Group Items: N/A, Group Cat: N/A, Map Ref: NS 5893 6584.


Bertie Crewe, 1902-4. Striking 3-storey French Baroque theatre on prominent corner site with square-plan corner turrets with slated pyramidal roofs to corner and Renfrew Street. Buff terracotta with profusion of decorative sculpted panels.

RENFIELD STREET ELEVATION: 3 3-light pilastered main bays with narrow central dividing bays. Recessed central entrance with later canopy. Set of 3 2-leaf part-glazed entrance doors. Storeys divided by cornices. Main bays with 1st floor with windows divided by floating aprons, oculi windows to top storey with segmental pediments with richly sculpted tympana. Stepped parapet to bays. Lettering `PAVILION' over centre between 1st and 2nd storeys with flanking blue and gold mosaic panels. Large `PAVILION┬┐ sign attached vertically to central bay.

RENFREW STREET ELEVATION: bays arranged 1-3-1. Outer bays slightly advanced with 4-stage towers with sculpted top panels to top stages with small segmental skyline pediments. Central bays with ground floor frieze with lettering `THE PAVILION'. 1st floor with 3 windows. Central 3-light, flanking windows 4-light with blind arcade aprons. Central window flanked by sculpted pilasters, repeated above. Parapet raised to centre and pedimented.

Variety of glazing patterns. Some stained glass windows. Predominantly multi-pane over plate glass. Plate glass to oculi.

INTERIOR: fine, rich Louis XV interior scheme. Small semi-circular apsed entrance hall with decorative plasterwork ceiling and terrazzo floor with mosaic inserts including central harp motif. 2-leaf timber doors with oval glazed panels and decorative mouldings. Auditorium (damaged by flood in 1992 ' see Notes) with 2 cantilevered tiers forming circle and gallery. 4 boxes and (altered) semicircular proscenium arch. Ornately decorated plasterwork with swags, volutes, putti etc. Domed ceiling contains rare operational sliding roof panel.


Opened on the 29 February 1904 as the Palace of Varieties, The Pavilion is an important and outstanding example of theatre architecture by one of the most celebrated theatre achitects of the period. The terracotta street elevations with ornate sculpted panels and touches of blue and gold mosaic along with the corner towers makes this building an unusual and striking addition to Glasgow's streetscape. It is one of the country's best surviving Edwardian theatres. A flood in March 1992 damaged the plasterwork in the auditorium although this was subsequently repaired on a like-for-like basis. The auditorium contains a rare operational sliding roof panel to keep the air in the theatre fresh. An early centralised vacuuming system remains in place with the main apparatus surviving in the basement. Bertie Crewe trained in Paris, as well as London, which may explain his adoption of the French Baroque style here. The theatre was constructed for the Newcastle-based Thomas Barrasford who often chose Crewe as his architect. The Pavilion is renowned as a specialist variety theatre. Category changed from B to A and list description revised as part of the Theatres Thematic Study 2010.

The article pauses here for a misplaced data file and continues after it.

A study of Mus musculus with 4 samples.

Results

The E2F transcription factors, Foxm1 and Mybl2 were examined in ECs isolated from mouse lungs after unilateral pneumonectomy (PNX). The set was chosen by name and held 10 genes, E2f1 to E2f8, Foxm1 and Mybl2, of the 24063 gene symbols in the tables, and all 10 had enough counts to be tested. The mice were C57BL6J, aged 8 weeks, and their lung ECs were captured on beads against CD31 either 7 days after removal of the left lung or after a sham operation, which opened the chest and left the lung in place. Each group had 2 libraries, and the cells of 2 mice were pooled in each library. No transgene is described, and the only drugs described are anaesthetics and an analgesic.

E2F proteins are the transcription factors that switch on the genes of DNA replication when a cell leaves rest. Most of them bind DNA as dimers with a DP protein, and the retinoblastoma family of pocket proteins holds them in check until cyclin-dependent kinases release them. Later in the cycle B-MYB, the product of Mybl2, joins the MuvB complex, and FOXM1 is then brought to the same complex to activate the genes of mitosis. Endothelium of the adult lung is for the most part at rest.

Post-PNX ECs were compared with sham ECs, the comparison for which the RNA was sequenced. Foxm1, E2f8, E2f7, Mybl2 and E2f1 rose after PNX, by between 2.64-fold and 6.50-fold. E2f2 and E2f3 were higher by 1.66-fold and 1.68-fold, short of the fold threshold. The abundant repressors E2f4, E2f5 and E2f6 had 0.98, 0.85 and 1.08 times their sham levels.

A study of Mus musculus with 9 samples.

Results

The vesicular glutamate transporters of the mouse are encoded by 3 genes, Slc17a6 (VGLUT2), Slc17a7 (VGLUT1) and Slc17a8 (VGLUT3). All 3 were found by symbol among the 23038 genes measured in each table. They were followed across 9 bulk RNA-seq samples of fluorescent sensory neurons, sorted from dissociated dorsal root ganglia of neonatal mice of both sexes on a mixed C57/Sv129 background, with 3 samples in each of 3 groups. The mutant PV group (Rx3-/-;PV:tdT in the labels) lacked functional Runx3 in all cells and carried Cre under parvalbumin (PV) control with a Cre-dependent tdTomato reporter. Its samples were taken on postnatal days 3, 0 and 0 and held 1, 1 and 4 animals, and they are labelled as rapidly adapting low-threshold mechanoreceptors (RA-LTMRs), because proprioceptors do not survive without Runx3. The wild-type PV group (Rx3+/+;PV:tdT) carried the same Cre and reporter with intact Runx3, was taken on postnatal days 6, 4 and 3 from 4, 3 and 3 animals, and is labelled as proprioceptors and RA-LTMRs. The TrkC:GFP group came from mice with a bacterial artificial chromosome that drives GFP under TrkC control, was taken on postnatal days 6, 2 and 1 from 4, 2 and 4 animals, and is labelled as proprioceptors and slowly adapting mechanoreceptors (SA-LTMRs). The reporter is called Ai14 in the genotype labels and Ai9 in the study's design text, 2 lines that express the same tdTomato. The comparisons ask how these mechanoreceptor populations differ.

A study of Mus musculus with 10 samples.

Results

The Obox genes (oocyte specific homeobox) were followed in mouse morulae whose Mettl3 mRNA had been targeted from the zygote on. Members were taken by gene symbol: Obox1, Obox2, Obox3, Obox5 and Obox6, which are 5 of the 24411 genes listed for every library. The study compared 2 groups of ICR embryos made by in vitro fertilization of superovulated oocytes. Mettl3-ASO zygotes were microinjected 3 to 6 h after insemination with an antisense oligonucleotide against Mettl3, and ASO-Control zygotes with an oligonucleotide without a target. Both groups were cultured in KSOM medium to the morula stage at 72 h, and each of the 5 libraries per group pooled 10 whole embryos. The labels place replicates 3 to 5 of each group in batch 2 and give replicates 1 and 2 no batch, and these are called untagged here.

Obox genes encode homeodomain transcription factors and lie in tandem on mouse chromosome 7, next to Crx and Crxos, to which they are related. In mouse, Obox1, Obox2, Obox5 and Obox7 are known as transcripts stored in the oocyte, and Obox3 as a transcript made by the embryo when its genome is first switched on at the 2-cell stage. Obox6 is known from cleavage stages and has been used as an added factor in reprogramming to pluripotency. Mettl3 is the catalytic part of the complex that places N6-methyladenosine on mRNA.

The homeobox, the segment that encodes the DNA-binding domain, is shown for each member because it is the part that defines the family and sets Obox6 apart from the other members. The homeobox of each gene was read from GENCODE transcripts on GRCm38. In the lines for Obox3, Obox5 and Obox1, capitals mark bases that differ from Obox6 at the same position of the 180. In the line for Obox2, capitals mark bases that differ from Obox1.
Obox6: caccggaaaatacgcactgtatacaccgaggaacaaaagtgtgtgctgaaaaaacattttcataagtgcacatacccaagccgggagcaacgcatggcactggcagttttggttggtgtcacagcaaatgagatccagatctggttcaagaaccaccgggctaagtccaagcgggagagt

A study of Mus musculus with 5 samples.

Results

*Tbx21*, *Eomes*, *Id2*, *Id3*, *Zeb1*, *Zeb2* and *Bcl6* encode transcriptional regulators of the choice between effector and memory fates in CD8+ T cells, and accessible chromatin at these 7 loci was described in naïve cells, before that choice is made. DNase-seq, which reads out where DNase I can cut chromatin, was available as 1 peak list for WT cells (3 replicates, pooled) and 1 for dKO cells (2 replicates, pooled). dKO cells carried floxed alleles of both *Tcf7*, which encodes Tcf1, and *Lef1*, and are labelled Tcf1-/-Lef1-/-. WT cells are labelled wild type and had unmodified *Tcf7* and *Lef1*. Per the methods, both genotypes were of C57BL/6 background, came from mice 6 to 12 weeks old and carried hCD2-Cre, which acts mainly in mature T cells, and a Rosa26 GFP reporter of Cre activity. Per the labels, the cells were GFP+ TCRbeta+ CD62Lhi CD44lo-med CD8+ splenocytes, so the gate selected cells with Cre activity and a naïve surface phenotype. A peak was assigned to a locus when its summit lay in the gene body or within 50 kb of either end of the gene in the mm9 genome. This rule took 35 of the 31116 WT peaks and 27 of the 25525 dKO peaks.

Ordnance Survey Map (1908-11). Williamson et al, The Buildings of Scotland ' Glasgow (1990) p208; Bruce Peter Scotland's Splendid Theatres (1999) pp109-113. www.scottishcinemas.org.uk [accessed 16 March 2009]. www.theatrestrust.org.uk [accessed 17 March 2009]. Further information courtesy of owner. From previous list description: 'Evening Times 30 July 1902. B 5 March 1904 p260.'

© Crown copyright, Historic Scotland. All rights reserved. Mapping information derived from Ordnance Survey digital mapping products under Licence No. 100017509 2012 . Data extracted from Scottish Ministers' Statutory List on . Listing applies equally to the whole building or structure at the address set out in bold at the top of the list entry. This includes both the exterior and the interior, whether or not they are mentioned in the 'Information Supplementary to the Statutory List'. Listed building consent is required for all internal and external works affecting the character of the building. The local planning authority is responsible for determining where listed building consent will be required and can also advise on issues of extent or "curtilage" of the listing, which may cover items remote from the main subject of the listing such as boundary walls, gates, gatepiers, ancillary buildings etc. or interior fixtures. All category C(S) listings were revised to category C on 3rd September 2012. This was a non-statutory change. All enquiries relating to proposed works to a listed building or its setting should be addressed to the local planning authority in the first instance. All other enquiries should be addressed to: Listing & Designed Landscapes Team, Historic Scotland, Room G.51, Longmore House, Salisbury Place, EDINBURGH, EH9 1SH. Tel: +44 (0)131 668 8701 / 8705. Fax: +44 (0)131 668 8765. e-mail: hs.listing@scotland.gsi.gov.uk. Web: http://www.historic-scotland.gov.uk/historicandlistedbuildings.


ACategory A

Buildings of national or international importance, either architectural or historic, or fine little-altered examples of some particular period, style or building type. (Approximately 8% of the total).

BCategory B

Buildings of regional or more than local importance, or major examples of some particular period, style or building type which may have been altered. (Approximately 51% of the total).

C(S)Category C(S)

Buildings of local importance, lesser examples of any period, style, or building type, as originally constructed or moderately altered; and simple traditional buildings which group well with others in categories A and B. (Approximately 41% of the total).